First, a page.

London, UK (PRWEB UK) 19 February 2014
According to MeteoGroup, 328% of the usual amount of rain fell in the South West of England during the first 12 days of February 2014. Nationwide, we have experienced the wettest December and January in 138 years, with daily news footage reminding us of how vulnerable we are to extreme weather.
Flooding has quickly become an issue of national concern. While many of the images appearing in the media feature flooded homes and their stranded owners, businesses have also been struck by waterlogged premises and immobilised staff, and the organisations tasked with clean up and rescue operations have just as many worries when it comes to ensuring staff safety and effective incident management.
“The continuous flooding taking place throughout the UK has forced us to realise that weather related incidents have the potential to affect everyone,” says Trevor Wheatley-Perry, of business continuity specialists Vocal. “Now more than ever, it’s extremely important to ask what we can do to prevent, or at least manage, the disruption caused by flooding, particularly in areas of long-term risk.”
Troops were sent to deliver fuel, food, and sandbags to the worst hit areas of the Somerset Levels at the end of January, bringing amphibious vehicles and boats to provide a coordinated response to the flooding. However, as many homes in the 25 square-mile area have been submerged since Christmas, a large number of residents believe these measures to be too little, too late and that communications have been poor.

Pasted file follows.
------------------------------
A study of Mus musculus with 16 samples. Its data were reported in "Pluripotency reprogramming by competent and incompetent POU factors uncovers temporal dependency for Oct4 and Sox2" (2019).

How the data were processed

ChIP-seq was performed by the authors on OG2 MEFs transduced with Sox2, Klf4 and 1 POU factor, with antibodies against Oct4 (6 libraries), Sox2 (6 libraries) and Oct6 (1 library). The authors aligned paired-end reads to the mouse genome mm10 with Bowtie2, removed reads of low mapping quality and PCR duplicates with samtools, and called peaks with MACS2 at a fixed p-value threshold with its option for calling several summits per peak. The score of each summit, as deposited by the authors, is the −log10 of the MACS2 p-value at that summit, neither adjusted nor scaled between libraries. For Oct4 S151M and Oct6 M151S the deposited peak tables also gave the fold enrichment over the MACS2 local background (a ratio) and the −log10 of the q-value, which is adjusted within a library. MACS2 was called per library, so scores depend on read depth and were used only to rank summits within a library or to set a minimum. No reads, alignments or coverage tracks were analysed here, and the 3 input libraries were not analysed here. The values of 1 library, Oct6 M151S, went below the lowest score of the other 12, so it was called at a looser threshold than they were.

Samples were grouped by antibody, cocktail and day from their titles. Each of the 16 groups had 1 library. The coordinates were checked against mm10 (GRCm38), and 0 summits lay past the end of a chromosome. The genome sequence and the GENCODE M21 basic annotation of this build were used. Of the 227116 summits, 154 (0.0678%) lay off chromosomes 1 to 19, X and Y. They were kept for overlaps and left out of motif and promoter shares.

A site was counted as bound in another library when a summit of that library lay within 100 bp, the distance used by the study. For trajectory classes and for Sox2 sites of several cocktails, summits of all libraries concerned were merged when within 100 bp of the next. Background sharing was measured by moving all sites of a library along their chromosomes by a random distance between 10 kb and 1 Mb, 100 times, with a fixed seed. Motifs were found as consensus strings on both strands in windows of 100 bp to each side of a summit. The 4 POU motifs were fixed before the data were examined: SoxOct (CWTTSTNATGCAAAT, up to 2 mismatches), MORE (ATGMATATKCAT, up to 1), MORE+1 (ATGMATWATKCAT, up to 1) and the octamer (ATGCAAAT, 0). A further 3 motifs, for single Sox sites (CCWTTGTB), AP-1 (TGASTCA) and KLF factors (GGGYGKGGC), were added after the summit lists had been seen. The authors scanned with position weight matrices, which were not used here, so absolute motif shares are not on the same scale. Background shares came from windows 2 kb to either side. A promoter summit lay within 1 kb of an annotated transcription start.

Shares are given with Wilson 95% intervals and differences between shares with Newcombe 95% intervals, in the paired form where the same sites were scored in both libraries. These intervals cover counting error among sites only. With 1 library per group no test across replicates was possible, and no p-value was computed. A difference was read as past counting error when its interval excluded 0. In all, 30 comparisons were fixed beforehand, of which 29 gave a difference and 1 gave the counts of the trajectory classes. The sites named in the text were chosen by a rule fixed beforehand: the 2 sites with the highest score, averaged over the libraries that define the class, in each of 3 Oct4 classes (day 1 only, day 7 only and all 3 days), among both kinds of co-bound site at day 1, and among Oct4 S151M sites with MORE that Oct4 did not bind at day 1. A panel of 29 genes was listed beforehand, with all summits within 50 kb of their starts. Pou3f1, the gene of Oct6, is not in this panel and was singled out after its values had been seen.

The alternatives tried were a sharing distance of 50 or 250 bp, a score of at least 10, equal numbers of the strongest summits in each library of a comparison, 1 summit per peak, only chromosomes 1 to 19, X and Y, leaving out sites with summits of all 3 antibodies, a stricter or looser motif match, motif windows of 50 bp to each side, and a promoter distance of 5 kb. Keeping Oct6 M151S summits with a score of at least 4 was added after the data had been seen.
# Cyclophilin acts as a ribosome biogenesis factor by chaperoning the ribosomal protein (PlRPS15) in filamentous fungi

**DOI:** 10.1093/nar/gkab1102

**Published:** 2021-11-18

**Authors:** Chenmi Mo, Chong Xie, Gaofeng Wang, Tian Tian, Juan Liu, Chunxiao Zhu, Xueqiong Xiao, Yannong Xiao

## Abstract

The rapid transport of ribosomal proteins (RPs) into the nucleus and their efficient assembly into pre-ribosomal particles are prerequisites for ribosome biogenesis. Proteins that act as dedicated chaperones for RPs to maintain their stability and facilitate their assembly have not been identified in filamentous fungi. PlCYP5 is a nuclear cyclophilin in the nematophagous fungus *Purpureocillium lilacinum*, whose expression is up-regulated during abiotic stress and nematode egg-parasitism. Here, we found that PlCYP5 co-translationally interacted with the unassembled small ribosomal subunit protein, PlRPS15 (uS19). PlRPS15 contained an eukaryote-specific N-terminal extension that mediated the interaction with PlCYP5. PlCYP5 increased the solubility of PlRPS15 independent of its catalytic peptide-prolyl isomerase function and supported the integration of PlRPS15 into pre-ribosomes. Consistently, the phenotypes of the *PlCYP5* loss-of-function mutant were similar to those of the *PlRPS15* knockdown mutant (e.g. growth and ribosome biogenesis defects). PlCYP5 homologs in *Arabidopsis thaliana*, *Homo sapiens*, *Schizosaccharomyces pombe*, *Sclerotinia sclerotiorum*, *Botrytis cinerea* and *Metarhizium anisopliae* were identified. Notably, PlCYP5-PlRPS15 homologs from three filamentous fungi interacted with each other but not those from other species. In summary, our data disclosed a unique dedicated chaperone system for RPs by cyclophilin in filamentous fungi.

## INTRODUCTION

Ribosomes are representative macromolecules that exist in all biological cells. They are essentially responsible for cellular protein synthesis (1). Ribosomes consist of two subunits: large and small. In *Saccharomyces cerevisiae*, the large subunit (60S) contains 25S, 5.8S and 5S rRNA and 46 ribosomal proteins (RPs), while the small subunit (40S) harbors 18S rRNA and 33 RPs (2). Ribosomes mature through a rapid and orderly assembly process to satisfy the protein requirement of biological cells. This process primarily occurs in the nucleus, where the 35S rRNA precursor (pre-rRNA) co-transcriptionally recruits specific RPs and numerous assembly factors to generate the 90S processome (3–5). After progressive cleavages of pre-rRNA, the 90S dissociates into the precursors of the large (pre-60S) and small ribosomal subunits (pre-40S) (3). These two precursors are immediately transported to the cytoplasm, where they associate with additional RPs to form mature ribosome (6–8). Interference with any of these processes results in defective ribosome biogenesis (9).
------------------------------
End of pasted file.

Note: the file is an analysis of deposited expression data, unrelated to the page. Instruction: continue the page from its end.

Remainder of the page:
“Systems are available to help response staff communicate in a crisis, even when the traditional channels are out of action,” says Trevor, “Our emergency notification software ensures that as soon as the Environment Agency sends out a flood or weather warning, emergency response teams and local community volunteers can be dispatched with a single, live message, send across multiple channels and devices.”
“Preparation and communication is key; and if businesses, communities, and emergency teams can find a way to cooperate in a coordinated and crucially swift response to a flood warning, disruption and danger could be managed much more effectively.”